A snapshot of the REIT's capital structure evidences its ability to raise funds in an advantageous manner (unsecured).
While many REITs prefer to use property level, non-recourse financing, Regency utilizes unsecured debt which is advantageous to unsecured investors as the amount of unencumbered assets available to cover stakeholders.
As Brad covered the overview and strengths of the REIT, as well as the equity, attention can be turned to the valuation of the debt and the preferred stock.
Regency has a relatively conservative debt structure, utilizing publicly traded unsecured debt for a majority of the debt. The REIT has also staggered the maturities of its debt in a way that 2015 has the greatest amount of debt due at $557 million. Given the REIT's ratings and access to capital, as well as its credit lines ($850 million in term and revolving borrowing), refinancing maturities should not be a problem.
REIT debt does not actively trade across all names, so prices are subject to change and can vary broker to broker. With this caveat, the following table lists Regency Centers' debt as well as the debt of peers Kimco (NYSE:KIM) Federal realty (NYSE:FRT) and Boston Properties (NYSE:BXP).
As the table shows, Regency's ten year presents the most value among the peer group and has one of the lower premiums. It is also important to understand where Regency falls versus its debt covenants (the true beauty of REIT debt). The following table lists the covenants and Regency's compliance levels:
As the table shows, Regency is well within its covenant levels and could comfortably raise more debt at current levels (but unless there is an acquisition, it has no debt to refinance until 2014).
Regency has two preferred issues outstanding, Series 5 and Series 6 cumulative redeemable preferred stock. The table below contains Regency's preferreds as well as the preferred stock of peers Weingarten (NYSE:WRI), Kimco, Inland Real Estate (NYSE:IRC) and Realty Income (NYSE:O).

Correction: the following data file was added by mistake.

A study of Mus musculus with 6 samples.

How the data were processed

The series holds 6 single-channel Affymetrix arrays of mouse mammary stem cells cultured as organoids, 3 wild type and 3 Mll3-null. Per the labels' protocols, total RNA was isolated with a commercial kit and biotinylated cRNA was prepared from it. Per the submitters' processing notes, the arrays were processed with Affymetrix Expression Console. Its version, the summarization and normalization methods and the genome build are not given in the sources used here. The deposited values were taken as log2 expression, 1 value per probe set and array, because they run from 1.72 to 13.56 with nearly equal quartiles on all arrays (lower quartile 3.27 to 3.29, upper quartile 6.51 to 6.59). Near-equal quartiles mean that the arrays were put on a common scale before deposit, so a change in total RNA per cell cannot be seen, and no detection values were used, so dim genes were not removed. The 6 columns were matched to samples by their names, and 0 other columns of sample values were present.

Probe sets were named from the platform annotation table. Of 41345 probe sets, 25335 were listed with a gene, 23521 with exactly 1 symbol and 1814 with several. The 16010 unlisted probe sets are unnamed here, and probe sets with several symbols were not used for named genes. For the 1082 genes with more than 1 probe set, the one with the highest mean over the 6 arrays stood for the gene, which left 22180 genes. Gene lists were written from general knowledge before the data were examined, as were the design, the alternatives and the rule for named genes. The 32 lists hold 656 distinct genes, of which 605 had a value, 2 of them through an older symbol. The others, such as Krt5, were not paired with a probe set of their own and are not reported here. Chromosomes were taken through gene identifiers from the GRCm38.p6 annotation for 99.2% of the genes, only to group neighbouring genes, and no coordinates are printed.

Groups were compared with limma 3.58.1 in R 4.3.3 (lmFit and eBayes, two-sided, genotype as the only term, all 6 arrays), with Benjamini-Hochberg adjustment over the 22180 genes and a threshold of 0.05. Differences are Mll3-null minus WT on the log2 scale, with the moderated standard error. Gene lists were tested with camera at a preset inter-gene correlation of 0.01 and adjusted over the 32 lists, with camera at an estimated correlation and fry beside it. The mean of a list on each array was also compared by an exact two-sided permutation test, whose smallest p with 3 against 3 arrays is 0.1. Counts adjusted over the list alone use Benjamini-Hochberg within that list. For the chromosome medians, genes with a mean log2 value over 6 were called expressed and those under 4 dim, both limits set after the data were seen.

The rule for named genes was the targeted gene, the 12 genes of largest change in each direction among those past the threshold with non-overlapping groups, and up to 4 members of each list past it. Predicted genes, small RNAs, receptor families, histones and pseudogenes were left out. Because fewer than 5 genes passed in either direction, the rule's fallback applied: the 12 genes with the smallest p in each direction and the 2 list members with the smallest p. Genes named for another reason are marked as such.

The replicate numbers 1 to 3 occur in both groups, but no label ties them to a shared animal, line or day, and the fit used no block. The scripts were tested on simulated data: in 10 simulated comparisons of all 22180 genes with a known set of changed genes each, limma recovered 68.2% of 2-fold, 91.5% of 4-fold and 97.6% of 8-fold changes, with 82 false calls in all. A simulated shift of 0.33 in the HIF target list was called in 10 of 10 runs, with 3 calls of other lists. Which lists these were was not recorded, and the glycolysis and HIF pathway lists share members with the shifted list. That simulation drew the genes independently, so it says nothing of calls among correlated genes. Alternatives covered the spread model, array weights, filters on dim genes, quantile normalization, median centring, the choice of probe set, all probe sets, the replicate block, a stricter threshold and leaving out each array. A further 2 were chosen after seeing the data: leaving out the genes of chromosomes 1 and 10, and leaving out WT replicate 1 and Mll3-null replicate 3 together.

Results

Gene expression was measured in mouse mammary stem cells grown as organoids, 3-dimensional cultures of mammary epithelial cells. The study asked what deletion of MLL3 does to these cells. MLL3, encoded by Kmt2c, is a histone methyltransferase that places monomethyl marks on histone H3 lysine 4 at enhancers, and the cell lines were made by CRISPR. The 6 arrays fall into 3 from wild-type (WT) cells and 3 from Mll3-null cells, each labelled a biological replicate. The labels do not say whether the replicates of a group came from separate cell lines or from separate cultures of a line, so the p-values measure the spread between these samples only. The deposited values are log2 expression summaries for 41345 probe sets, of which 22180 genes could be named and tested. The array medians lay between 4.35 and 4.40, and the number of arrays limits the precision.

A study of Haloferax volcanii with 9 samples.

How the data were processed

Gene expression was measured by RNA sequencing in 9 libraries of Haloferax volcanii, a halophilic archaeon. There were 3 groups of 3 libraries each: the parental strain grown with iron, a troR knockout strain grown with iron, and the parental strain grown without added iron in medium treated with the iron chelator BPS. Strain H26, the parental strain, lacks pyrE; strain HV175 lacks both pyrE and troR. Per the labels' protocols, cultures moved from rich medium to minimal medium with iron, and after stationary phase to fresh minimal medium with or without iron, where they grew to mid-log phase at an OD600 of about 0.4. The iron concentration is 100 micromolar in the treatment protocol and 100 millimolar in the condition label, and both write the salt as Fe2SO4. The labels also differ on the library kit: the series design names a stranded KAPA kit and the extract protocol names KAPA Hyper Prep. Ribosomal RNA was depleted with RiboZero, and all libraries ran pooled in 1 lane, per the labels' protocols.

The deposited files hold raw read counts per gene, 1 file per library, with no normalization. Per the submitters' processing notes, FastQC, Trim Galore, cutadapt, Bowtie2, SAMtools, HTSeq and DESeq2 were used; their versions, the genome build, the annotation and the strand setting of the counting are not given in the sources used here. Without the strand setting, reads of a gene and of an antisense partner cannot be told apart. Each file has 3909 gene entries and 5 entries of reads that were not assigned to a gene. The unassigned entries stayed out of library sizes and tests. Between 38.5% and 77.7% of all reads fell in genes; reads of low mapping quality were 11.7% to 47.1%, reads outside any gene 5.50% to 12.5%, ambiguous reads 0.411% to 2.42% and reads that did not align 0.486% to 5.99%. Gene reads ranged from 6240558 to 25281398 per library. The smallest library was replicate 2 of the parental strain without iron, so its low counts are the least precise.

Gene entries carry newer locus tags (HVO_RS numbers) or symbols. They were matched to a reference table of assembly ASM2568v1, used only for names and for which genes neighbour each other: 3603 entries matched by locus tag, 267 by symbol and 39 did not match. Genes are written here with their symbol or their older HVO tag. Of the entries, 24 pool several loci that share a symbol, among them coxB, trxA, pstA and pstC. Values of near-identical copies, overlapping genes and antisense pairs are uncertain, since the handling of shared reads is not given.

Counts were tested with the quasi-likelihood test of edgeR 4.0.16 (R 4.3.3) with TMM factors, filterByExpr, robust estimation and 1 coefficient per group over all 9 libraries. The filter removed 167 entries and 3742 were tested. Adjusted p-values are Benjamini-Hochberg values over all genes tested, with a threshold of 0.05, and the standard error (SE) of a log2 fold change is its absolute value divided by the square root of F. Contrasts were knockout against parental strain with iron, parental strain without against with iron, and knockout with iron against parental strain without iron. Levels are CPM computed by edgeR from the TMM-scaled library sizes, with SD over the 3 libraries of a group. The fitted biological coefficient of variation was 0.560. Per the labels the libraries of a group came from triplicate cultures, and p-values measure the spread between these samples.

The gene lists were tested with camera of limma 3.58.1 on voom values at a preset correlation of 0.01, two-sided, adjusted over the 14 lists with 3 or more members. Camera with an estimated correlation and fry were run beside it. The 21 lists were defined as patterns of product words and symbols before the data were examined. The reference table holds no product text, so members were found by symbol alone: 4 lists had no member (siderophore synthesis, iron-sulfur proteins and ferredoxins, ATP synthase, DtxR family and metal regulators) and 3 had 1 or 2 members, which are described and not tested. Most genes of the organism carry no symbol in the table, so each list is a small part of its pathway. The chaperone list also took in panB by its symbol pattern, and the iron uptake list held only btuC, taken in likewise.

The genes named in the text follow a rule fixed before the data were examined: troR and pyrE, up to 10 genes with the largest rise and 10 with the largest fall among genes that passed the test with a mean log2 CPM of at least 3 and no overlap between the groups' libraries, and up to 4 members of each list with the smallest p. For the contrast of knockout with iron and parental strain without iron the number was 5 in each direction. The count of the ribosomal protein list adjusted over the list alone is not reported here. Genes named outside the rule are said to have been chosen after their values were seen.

Regency's Series 6 preferred is the preferred choice among the larger peer preferred as it has a higher yield and 4.5 years of call protection. Its Series 5 has a higher yield, but it is currently callable and close to a viable call. Inland Real Estate in a non-rated preferred and a smaller REIT which is why it trades cheap to the other listed peers (I wrote about it here). Compared to recent issues, Regency still affords investors a yield over 6%.
Bottom Line: Regency is a well managed, conservative retail REIT. The bonds (when they trade) are attractive to peers, especially the 2021s. The preferred stock has value relative to recent new issues and its peer group.
Disclosure: I am long O.
Additional disclosure: This article is for informational purposes only, it is not a recommendation to buy or sell any security and is strictly the opinion of Rubicon Associates LLC. Every investor is strongly encouraged to do their own research prior to investing.